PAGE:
General Subutai, the greatest general of all time, was referred to by his master Ghengiz Khan, as The Dog of War. In the time before and up to Ghengiz Khan, generals could only rise from the top aristocratic families of the Mongols. Subutai was not a Mongol. Subutai’s father donated the young Subutai as a servant to the great Khan. Without being Mongol nor an aristocrat, essentially an indentured servant, Subutai normally would never have had chance to become a Mongol General. He was on the absolute opposite end of the demographic spectrum from the elite cast of the time.
Furtunately for both of them, the wise Khan believed that true meritocracy was the only way to cultivate a successful military. The Khan chose to disregard the Mongol tradition of appointing generals based on family rank. Instead he based status and promotion on merit and commitment: no other way existed to achieve true greatness. He believed the great ones rise to great challenges when permitted. The Khan’s role in history as the leader of the largest empire by landmass stretching across Europe all the way to China was achieved thanks to this principle and his leap in faith to part from the cultural norm of the time.
According to the wikipedia page here on the Mongol Empire:
The Mongol Empire ..., existed during the 13th and 14th centuries and was the largest contiguous land empire in history. Originating in the steppes of Central Asia, the Mongol Empire eventually stretched from Central Europe to the Sea of Japan, extending northwards into Siberia, eastwards and southwards into the Indian subcontinent, Indochina, and the Iranian plateau, and westwards as far as the Levant and Arabia.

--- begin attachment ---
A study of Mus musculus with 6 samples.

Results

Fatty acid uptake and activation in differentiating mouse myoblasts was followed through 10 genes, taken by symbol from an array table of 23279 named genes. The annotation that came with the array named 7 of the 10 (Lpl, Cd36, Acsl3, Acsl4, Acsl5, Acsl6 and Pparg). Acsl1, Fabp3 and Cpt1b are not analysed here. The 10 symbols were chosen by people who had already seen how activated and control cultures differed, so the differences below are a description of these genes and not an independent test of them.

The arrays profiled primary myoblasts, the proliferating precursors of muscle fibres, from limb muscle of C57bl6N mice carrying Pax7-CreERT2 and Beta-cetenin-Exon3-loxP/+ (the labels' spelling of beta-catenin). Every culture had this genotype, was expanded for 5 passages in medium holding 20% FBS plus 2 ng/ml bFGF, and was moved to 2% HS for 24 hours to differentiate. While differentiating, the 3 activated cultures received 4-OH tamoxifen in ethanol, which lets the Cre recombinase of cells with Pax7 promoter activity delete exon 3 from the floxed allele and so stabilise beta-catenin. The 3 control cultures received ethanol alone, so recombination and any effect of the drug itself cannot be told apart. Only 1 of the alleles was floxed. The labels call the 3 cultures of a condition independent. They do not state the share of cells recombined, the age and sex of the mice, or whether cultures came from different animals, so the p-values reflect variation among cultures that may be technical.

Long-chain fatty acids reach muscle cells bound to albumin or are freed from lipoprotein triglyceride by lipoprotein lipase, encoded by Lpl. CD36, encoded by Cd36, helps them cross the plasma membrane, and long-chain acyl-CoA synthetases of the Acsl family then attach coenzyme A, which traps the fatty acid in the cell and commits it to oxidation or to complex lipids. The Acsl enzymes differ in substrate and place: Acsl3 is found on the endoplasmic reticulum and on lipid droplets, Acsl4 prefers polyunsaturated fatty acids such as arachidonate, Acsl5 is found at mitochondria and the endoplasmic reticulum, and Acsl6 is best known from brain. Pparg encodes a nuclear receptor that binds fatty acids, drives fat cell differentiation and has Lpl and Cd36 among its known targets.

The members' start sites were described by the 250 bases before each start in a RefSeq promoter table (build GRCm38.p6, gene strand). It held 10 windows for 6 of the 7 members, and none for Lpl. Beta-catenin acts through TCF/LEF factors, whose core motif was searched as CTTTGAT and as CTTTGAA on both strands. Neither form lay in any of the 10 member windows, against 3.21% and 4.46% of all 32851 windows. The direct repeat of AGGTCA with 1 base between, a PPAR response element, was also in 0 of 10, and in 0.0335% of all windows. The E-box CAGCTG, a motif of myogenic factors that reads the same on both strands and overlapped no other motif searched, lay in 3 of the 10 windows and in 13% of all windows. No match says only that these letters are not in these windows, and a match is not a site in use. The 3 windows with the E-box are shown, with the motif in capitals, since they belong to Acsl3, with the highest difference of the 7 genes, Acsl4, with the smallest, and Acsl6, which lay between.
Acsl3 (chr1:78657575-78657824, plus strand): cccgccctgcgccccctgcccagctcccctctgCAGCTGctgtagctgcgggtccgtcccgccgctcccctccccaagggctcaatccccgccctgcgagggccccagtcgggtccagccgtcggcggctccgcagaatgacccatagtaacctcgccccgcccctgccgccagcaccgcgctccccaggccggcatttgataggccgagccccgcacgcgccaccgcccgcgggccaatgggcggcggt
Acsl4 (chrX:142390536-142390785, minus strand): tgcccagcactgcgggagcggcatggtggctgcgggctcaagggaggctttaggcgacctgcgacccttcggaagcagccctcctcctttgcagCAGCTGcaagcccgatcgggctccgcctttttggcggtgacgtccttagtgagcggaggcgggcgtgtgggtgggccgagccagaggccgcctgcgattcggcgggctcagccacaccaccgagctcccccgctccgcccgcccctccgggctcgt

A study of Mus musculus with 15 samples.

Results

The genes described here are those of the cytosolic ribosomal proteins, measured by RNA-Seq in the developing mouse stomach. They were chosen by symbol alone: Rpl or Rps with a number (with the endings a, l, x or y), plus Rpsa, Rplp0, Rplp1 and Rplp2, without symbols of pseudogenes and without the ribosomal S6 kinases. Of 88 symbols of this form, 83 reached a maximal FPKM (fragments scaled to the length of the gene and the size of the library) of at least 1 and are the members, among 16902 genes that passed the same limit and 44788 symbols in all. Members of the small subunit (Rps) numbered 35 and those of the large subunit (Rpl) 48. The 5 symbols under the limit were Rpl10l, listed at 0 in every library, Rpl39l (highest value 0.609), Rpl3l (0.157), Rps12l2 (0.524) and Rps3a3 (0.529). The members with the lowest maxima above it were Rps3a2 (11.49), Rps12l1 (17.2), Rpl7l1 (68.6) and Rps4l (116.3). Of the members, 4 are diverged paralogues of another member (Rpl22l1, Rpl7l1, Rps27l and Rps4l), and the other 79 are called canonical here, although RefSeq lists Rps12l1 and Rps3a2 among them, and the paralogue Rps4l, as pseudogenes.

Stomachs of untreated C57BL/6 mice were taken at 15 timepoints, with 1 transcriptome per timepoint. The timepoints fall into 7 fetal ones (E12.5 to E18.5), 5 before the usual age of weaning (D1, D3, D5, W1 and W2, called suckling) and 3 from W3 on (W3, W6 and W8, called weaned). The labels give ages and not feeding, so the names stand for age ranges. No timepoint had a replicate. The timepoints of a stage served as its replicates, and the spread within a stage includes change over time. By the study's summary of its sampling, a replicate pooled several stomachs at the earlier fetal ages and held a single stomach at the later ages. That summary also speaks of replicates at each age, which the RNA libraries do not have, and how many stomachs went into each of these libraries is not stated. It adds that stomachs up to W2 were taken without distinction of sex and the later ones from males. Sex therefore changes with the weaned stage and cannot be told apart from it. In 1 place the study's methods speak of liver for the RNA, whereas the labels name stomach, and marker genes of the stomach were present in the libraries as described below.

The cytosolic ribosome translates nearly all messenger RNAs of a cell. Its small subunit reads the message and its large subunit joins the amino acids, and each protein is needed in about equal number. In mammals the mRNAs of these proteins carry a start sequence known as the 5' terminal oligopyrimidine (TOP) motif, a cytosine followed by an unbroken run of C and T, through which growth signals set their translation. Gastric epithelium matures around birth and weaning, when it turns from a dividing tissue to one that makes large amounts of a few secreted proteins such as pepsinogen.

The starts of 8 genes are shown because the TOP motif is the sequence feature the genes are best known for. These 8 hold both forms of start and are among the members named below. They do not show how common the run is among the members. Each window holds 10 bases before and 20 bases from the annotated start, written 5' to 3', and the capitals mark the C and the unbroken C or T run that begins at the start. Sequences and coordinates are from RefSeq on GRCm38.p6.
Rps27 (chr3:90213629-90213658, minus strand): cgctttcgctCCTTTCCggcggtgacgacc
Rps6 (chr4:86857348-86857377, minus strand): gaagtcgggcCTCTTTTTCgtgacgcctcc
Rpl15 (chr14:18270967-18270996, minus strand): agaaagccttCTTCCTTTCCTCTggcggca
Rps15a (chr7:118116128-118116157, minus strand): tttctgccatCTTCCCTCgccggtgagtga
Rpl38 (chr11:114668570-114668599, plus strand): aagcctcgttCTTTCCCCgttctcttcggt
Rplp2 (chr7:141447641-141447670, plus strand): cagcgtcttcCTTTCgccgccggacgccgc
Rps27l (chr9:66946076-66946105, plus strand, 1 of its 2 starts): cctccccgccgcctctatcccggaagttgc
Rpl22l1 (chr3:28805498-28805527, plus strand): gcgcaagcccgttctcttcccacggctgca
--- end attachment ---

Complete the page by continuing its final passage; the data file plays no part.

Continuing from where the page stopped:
According to the wikipedia page here on Subutai:
Subutai ... was a Mongolian general, and the primary military strategist of Genghis Khan and Ögedei Khan. He directed more than twenty campaigns in which he conquered thirty-two nations and won sixty-five pitched battles, during which he conquered or overran more territory than any other commander in history. He gained victory by means of imaginative and sophisticated strategies and routinely coordinated movements of armies that were hundreds of kilometers away from each other. He is also remembered for devising the campaign that destroyed the armies of Hungary and Poland within two days of each other, by forces over five hundred kilometers apart.
Despite this close family association, Subutai may be considered proof that the Mongol Empire was a meritocracy. He was a commoner by birth, the son of Jarchigudai, who was supposedly a blacksmith. When he was 14 years old, Subutai left his clan to join Temujin's army, following in the footsteps of his older brother Jelme who had joined when he was 17 years old. He rose to the very highest command available to one who was not a blood relative to Genghis. Within a decade he rose to become a general, in command of one of 4 tumens operating in the vanguard. In 1212 he took Huan by storm, the first major independent exploit mentioned in the sources.